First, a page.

We'll adopt govt schools: Private managements

Offer made as an alternative to 25% reservation to poor students under RTE

We'll adopt govt schools: Private managements

That was an alternative suggested by participants at a workshop here on Right to Education (RTE) organised by the Federation of Karnataka Chambers of Commerce and Industry.

The workshop was aimed at discussing a way to amend the Act in such a way that not only upheld the quality but also was agreeable to private schools.  B Gayathri Devi, member of Management Association of ICSE Schools (MAIS), pointed out that there were various components in the Act which needed to be looked into. “We are here to involve ourselves to common cause, which is freedom of private schools. The act excludes Kendriya Vidyalayas, Navodayas and Sainik schools. These schools can conduct admission tests and continue doing so, but private unaided schools cannot. So, the act is biased,” she pointed out.

Gayathri Devi also felt that the prospect of all schools across the country having the same curriculum was “scary”. Gram panchayats, Block Education Officers, DDPIs, corporators and local administration were unaware of the nuances of RTE. “They start dictating terms to us and don't know the ground realities," she said.

Free mid-day meals and textbooks would further segregate and exclude the 25 per cent of the students from others. Hence, to gain better clarity and amend certain sections, MAIS has filed a writ petition on all India level, which has moved from a three-judge Bench to a five-judge Bench in the Supreme Court.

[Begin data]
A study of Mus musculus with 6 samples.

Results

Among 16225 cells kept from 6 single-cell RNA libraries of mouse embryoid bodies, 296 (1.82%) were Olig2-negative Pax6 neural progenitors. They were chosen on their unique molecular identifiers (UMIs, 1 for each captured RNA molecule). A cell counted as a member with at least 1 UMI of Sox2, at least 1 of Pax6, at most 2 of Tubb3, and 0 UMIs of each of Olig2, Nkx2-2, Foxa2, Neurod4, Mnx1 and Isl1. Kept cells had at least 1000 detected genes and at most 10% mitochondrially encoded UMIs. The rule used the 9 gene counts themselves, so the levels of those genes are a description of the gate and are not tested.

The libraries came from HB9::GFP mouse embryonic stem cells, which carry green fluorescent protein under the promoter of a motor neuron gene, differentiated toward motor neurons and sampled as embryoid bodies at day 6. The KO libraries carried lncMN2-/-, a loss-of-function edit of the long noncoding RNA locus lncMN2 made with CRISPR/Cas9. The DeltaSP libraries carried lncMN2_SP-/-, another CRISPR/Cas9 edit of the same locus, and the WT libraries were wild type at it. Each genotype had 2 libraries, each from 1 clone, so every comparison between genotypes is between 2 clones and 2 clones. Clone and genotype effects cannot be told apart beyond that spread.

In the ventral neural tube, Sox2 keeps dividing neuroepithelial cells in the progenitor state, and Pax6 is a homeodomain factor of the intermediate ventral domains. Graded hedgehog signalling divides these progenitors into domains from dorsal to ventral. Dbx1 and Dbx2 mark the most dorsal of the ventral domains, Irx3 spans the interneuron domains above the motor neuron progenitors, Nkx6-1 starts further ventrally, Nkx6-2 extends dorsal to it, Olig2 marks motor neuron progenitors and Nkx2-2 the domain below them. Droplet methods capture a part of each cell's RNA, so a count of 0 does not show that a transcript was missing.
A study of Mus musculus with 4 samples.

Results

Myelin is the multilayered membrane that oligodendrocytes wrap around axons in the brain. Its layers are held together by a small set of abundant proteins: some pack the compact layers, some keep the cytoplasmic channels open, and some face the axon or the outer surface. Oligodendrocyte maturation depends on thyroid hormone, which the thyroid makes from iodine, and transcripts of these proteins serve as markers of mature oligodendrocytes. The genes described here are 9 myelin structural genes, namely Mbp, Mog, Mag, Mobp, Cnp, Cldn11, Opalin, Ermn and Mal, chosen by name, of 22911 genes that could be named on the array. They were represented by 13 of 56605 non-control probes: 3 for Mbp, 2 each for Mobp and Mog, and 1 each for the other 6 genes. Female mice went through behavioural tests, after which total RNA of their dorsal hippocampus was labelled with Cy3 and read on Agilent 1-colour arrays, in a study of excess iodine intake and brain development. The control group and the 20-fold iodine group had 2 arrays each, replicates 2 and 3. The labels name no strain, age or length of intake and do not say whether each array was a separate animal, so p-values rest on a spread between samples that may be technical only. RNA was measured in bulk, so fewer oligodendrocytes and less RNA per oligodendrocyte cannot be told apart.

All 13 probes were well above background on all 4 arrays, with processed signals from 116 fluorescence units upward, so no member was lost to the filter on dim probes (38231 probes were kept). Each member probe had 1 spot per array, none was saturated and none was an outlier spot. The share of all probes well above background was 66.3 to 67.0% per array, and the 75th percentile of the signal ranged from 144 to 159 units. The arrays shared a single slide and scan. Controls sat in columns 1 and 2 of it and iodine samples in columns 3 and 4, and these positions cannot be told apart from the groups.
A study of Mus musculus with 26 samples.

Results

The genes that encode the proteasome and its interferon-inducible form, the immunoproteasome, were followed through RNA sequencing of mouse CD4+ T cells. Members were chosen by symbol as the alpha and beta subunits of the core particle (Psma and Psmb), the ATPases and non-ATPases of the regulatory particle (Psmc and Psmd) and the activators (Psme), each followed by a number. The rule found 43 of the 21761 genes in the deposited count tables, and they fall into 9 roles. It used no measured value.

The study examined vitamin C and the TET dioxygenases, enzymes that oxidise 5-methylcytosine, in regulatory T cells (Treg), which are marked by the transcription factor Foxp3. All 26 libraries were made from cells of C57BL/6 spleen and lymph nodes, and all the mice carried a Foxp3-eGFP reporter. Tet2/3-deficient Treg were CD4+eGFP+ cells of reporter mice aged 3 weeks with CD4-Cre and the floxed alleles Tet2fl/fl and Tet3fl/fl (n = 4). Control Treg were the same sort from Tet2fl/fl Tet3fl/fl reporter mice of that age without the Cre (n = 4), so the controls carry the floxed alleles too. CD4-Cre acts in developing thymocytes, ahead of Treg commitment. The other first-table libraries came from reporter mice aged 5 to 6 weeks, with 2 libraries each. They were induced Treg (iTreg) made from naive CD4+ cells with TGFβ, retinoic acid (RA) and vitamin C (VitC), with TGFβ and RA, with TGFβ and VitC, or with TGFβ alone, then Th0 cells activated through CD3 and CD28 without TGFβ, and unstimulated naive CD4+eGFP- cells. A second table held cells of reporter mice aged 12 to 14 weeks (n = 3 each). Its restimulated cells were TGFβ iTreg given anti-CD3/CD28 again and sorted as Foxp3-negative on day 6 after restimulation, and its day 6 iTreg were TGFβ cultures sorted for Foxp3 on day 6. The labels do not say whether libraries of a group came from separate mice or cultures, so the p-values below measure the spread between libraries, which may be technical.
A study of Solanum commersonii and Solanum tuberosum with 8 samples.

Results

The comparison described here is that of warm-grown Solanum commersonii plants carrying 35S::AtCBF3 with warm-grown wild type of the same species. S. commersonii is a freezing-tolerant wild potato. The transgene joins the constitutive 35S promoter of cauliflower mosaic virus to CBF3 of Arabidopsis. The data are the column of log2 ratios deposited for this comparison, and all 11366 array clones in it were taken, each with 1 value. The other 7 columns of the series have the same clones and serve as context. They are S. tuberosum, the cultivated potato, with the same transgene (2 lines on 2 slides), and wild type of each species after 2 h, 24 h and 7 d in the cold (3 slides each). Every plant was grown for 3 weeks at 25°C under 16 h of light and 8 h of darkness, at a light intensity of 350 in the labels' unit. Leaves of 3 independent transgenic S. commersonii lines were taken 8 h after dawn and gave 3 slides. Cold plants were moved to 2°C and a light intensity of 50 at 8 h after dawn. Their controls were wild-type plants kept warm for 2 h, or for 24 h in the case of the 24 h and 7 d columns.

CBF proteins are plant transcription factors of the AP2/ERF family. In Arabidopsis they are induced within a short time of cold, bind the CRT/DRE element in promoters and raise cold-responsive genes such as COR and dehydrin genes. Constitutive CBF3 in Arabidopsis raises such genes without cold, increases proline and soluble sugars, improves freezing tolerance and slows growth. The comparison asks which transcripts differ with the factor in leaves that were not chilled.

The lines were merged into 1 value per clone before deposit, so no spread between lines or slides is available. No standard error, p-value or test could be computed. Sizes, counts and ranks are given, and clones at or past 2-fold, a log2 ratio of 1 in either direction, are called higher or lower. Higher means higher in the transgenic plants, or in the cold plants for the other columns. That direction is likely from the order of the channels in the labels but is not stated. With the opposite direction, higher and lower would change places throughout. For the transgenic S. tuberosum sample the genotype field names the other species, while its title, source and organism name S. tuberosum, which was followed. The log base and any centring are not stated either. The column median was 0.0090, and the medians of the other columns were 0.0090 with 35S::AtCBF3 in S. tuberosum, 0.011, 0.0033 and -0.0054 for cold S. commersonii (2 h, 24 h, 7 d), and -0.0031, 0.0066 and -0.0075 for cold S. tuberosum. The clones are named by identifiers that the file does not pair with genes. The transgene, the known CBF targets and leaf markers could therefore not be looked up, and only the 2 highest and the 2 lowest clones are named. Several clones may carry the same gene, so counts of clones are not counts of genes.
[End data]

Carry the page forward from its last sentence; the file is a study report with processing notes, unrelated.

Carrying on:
Yeshasvini Ramaswamy, anchor, School for Leadership Excellence (SLE), said private schools, instead of fighting the implementation of act, should think ahead and work around it. Bridge course for underprivileged students could run parallel to main course, so that the children could be slowly integrated in the class, she suggested.

Sudha Raju, also part of SLE, said the act did not foresee whether the schools had adequate infrastructure to include physically and mentally challenged children or children with special diseases.

"The act says all children between 1-14 years. But do we have infrastructure and enough teachers?," questioned Sudha. She recommended that the Act should go about in inclusion in phases and provide incentives to teachers in rural areas.

Ganesh Iyer Rajagopal from the National Assessment and Accreditation Council (NAAC) said the act should include 1-14 age group, as a child's formative years started from one year of age. He also revealed that NAAC was looking at creating quality assessment system apart from examinations to see how much a student has been able to grasp. This could then be replicated in schools.